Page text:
Forget germs. After the past couple of weeks, I have come to believe that the flu is one of Satan’s most insidious forms of physical and spiritual attack. While my body started to recover with mega-doses of anti-viral, there have been crazy nightmares that have come with this particular illness that have left me disoriented, to say the least. Instead of doing any of the fun things planned with the kids this spring break, I have been stuck in the house alone, being preyed on by self-pity and loneliness. And housework. When did the house get so dirty? It’s amazing what you discover when you are locked away for a week. Everything was going so well but, now, just a few days away from Palm Sunday, I feel like I am rushing to Easter. Well-played, Satan, well- played.
Is the week before Palm Sunday called anything? I feel like it should be. We are deep into Lent now and building up to the climax of Jesus’s triumphant entry into Jerusalem. Everyone always marvels at how quickly things turn for Jesus from Palm Sunday to the Crucifixion on Good Friday. We often forget to look through the wider lens of the week before Palm Sunday, which gives us some of Jesus’s most challenging and blunt Gospels.
Jesus is getting more specific and people are getting more upset. The smooth way Jesus handles the adulterous woman at the beginning of the week gives way to mind-numbing word play with “Father” and “Abraham,” on Friday. People have been whipped up into a frenzy of confusion, disbelief and outrage. Forget stoning the adulterous woman, the crowd is ready to stone him. Add in preparation for the upcoming feast of Passover and the overwhelming sense that something was going to happen soon must have been palpable in the streets. “Time is up,” he seems to be saying, “what do you believe?”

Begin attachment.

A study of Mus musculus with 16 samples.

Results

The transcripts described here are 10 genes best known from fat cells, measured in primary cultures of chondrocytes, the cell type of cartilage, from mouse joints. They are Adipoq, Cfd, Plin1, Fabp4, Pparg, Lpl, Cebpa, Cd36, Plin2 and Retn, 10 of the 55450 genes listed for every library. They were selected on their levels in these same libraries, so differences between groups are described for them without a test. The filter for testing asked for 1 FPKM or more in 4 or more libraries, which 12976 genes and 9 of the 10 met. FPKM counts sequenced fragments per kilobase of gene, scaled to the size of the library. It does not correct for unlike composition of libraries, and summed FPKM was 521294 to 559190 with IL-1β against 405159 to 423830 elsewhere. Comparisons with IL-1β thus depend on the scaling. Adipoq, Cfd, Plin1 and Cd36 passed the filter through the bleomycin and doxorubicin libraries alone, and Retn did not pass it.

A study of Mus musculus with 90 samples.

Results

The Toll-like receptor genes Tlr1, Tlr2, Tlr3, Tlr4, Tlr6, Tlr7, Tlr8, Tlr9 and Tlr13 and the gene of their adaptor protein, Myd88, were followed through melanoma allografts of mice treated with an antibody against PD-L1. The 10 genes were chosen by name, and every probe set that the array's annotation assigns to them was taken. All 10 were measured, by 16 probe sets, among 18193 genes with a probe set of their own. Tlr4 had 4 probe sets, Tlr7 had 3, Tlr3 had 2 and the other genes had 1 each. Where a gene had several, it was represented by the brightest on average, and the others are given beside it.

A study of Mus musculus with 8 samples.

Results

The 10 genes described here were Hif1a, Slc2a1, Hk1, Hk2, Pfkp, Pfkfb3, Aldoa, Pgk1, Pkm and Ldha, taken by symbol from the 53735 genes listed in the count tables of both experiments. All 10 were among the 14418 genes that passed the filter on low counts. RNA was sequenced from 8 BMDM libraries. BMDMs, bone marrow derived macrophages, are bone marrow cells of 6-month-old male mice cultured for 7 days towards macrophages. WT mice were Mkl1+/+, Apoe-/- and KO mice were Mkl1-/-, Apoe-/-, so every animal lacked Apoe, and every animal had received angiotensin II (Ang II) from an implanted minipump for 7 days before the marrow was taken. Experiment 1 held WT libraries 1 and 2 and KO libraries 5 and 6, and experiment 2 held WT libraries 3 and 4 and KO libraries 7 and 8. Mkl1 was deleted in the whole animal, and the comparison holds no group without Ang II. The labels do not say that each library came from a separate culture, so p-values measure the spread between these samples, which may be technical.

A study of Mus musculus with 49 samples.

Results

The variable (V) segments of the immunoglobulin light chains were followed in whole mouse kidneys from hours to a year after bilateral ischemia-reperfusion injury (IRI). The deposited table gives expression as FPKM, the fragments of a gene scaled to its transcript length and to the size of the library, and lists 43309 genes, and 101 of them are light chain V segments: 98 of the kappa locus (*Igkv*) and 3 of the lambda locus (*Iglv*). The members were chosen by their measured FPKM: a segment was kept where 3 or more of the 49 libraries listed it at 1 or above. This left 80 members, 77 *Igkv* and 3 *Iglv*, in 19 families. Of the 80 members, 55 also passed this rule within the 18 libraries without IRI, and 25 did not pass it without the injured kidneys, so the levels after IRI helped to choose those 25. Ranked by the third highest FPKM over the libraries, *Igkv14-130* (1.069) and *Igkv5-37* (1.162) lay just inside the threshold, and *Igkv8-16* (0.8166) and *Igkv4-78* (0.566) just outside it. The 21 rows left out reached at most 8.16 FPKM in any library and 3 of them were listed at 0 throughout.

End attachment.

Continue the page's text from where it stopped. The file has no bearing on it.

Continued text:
Jesus leaves Jerusalem this week when things heat up. He almost had to get himself kicked out of Jerusalem so that he could have a brief, triumphant return to it. What I love about this part of the story is where Jesus goes to: back to the beginning of his ministry, to the spot where he was baptized by John. Right before the end, he circles back to the beginning. It must have been tempting to stay in Jordan and not go back to face the music in Jerusalem. I wonder if this brief break gave Jesus the space he needed to prepare himself mentally for the task he knew was ahead?
I can definitely relate to returning to the beginning. Coming back from this illness has served as a re-set button. Before regular life sweeps back in, I will have an opportunity to choose what to add back into my life. Maybe more fruit and fewer Cadbury Cream Egg cookies, even if I truly believe they are medicinal. I have to re-examine priorities. Maybe watching 6 straight hours of “Fixer Upper” is not the absolute best use of my time, even if I was too weak to find the remote and, in fairness, hey never did say what those countertops were made of. I can reexamine what is real and what is illusion. It is unlikely that the dogs were really in league against me and repeatedly stealing my comforter was probably not a concerted effort to prolong my illness. Still, they do like my husband best though, so they might have been taking advantage of the opportunity to get me out of the way – Wait, see? There’s that crazy Tamiflu talking, again.
And so I am left with a cleaner slate to move into Holy Week. Having had my own period of forced withdrawal has given me some perspective and made me value my family, our health and our time together. While I know I have let them down this week, they have shown me tremendous love. I have gained new enthusiasm for my last few days of Lent. I will be ready to cross the river back to real life next week. Holy week? Let’s do this!